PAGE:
The Treaty of the European Union (EU), which is commonly known as the Maastricht Treaty, is the international agreement that led to the formation of the European Union. The treaty was signed in 1991 by twelve member states and became effective in 1993.
The EU is essentially a political and economic bloc. The political aims broadly include shared European citizenship and the upholding of liberal democratic values. The economic aims broadly include the establishment of a free trade zone and an economic cooperation zone.
The Treaty of the European Union (EU), which is commonly known as the Maastricht Treaty, is the international agreement that led to the formation of the European Union.
The treaty set forth certain criteria to be followed by all member states for the fulfillment of the goals of a political and economic union.
The Maastricht Treaty required each member state to vote to approve the formation of the European Union. It was signed into effect on February 7, 1992, and it’s been amended with several other treaties that dictate the functioning of the European Union over the years.
The original twelve member states of the EU were West Germany, Denmark, Ireland, Belgium, Italy, Luxembourg, France, Netherlands, United Kingdom, Greece, Portugal, and Spain. As of 2020, the European Union lists a total of 28 members.
The Euro is the official currency of 19 countries in the European Union. It means that the European Central Bank (ECB) sets the monetary policy and print the single common currency for the member countries.
Once the EU was formed, every national of each of the member states was granted citizenship of the European Union. It meant the freedom of movement, residence, and the right to contest in local and EU elections.
The European Monetary Union
The European Monetary System, which was created in 1979, aimed to promote monetary stability among all its member nations as its primary goal. Later on, the creation of the European Monetary Union (EMU), aimed to solidify the goal into a reality, especially with a common currency.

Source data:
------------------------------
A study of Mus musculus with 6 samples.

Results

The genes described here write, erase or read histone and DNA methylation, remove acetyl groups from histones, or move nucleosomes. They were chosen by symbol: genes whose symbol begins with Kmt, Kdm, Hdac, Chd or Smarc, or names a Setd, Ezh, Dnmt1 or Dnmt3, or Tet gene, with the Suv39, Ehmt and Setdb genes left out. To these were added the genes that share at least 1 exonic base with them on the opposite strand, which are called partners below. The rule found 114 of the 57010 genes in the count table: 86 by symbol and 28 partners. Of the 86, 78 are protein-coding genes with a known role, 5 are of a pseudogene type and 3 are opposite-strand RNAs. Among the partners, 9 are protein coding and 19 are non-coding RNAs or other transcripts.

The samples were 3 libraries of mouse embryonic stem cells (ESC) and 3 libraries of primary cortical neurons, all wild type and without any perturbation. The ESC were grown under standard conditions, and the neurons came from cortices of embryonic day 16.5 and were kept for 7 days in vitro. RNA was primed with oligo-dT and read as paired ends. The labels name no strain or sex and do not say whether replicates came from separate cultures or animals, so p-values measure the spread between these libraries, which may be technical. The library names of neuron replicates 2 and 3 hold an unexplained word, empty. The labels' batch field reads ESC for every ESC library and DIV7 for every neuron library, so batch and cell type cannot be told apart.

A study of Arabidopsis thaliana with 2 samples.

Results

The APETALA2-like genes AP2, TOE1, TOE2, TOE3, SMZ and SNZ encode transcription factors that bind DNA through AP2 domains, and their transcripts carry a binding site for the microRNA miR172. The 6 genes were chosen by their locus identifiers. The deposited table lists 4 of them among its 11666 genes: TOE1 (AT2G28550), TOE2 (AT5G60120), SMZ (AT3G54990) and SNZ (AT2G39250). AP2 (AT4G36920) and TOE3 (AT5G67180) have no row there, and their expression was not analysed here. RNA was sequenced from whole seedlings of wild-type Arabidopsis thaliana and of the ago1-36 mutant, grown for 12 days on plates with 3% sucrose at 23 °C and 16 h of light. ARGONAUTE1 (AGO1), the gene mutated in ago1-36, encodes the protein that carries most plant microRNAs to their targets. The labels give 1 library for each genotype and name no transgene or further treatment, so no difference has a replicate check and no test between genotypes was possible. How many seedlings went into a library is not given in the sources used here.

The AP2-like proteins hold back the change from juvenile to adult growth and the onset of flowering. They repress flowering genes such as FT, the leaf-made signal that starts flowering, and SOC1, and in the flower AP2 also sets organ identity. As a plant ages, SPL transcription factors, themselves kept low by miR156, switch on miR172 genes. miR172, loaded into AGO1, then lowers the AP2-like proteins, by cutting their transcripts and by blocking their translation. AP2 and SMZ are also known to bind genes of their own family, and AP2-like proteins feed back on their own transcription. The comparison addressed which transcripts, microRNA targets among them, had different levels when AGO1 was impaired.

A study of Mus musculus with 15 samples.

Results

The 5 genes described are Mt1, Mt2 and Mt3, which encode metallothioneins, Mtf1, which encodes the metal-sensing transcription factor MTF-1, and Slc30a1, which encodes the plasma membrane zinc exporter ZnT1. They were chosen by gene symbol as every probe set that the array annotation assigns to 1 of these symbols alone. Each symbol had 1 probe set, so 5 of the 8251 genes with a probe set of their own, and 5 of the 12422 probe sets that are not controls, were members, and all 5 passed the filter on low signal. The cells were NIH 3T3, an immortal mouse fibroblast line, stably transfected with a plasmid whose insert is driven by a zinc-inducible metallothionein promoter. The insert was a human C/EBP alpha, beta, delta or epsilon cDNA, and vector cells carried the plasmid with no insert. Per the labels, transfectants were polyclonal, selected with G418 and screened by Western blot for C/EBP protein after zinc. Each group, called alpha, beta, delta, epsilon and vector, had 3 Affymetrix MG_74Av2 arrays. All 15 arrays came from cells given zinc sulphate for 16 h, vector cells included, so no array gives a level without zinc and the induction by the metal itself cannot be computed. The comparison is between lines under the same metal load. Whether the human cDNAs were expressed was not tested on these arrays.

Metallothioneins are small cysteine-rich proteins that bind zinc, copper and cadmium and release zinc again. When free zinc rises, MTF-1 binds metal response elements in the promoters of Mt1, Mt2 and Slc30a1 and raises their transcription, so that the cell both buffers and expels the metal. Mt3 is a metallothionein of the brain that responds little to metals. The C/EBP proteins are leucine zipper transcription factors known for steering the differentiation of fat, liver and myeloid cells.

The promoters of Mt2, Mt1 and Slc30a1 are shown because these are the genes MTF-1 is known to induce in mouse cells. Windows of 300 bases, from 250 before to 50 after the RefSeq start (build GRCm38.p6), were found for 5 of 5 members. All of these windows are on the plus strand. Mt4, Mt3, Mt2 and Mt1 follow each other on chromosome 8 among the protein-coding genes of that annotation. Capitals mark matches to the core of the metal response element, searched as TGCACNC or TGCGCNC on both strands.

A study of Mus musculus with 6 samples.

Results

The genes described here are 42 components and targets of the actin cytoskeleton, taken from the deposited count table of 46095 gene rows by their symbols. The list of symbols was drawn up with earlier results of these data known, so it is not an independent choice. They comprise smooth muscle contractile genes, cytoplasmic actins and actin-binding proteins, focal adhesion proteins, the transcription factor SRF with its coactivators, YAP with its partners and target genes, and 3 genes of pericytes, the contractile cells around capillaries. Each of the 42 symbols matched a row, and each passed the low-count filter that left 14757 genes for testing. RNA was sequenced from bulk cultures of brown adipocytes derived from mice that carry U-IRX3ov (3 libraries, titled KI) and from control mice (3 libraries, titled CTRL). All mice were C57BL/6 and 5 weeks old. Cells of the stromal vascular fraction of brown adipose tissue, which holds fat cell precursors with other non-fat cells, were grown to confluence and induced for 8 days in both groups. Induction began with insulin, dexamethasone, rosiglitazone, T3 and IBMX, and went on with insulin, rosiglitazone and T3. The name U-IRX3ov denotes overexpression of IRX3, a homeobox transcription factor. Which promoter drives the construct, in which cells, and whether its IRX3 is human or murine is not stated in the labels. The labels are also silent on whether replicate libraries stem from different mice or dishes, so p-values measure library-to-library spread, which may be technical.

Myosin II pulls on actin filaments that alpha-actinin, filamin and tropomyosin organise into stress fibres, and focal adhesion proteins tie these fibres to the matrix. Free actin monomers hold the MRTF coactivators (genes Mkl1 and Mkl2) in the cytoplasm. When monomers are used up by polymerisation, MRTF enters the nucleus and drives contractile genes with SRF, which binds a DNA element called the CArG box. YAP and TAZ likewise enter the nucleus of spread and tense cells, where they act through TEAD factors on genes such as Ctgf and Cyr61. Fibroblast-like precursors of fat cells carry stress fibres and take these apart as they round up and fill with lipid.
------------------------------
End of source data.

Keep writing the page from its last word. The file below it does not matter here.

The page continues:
The Maastricht Treaty set forth certain criteria to be followed by all member states for the fulfillment of the same. They needed to consider the problems of the disparities among real exchange rate convergences of the member states, and more importantly, the difference in fiscal imbalances of the members. Thus, for the convergence of the economies, the following goals were set:
1. Price stability
The inflation rate of any member state cannot exceed by a set variable inflation rate of the three countries with the lowest inflation rates in the region. The set variable was an inflation rate of 1.5% as measured by the Consumer Price Index.
2. Reasonable and responsible interest rates
The long-term interest rates of each state cannot exceed by a set variable, the average inflation levels in the three countries with the lowest inflation levels in the region. The variable was set to 2%.
3. Sustainable and responsible public finance
The general budget deficit of each member state may not exceed more than 3% of the gross domestic product. Moreover, the total government debt of the country must not exceed 60% of the gross domestic product.
It was important because even though the ECB would take hold of monetary policy in member states, sovereign states would still be autonomous in relation to fiscal policy.
4. Stable exchange rates
The currencies of all member states must remain in the normal fluctuation margin.
The formation of the EMU created a common monetary and economic union, a central banking system, and gave its members a common currency.
In 1998, the ECB was created. It means that the conversion rates between the currencies of member states were fixed as a prelude to the euro, which began circulating in 2002. The main aim of the ECB is to maintain price stability in the region, i.e., to safeguard the euro’s value.
The formation of the eurozone led to increased cooperation between member states as it enabled the free movement of capital. It also led to increased cooperation between the central banks of member states and the ECB, which now dictates monetary policy to all members.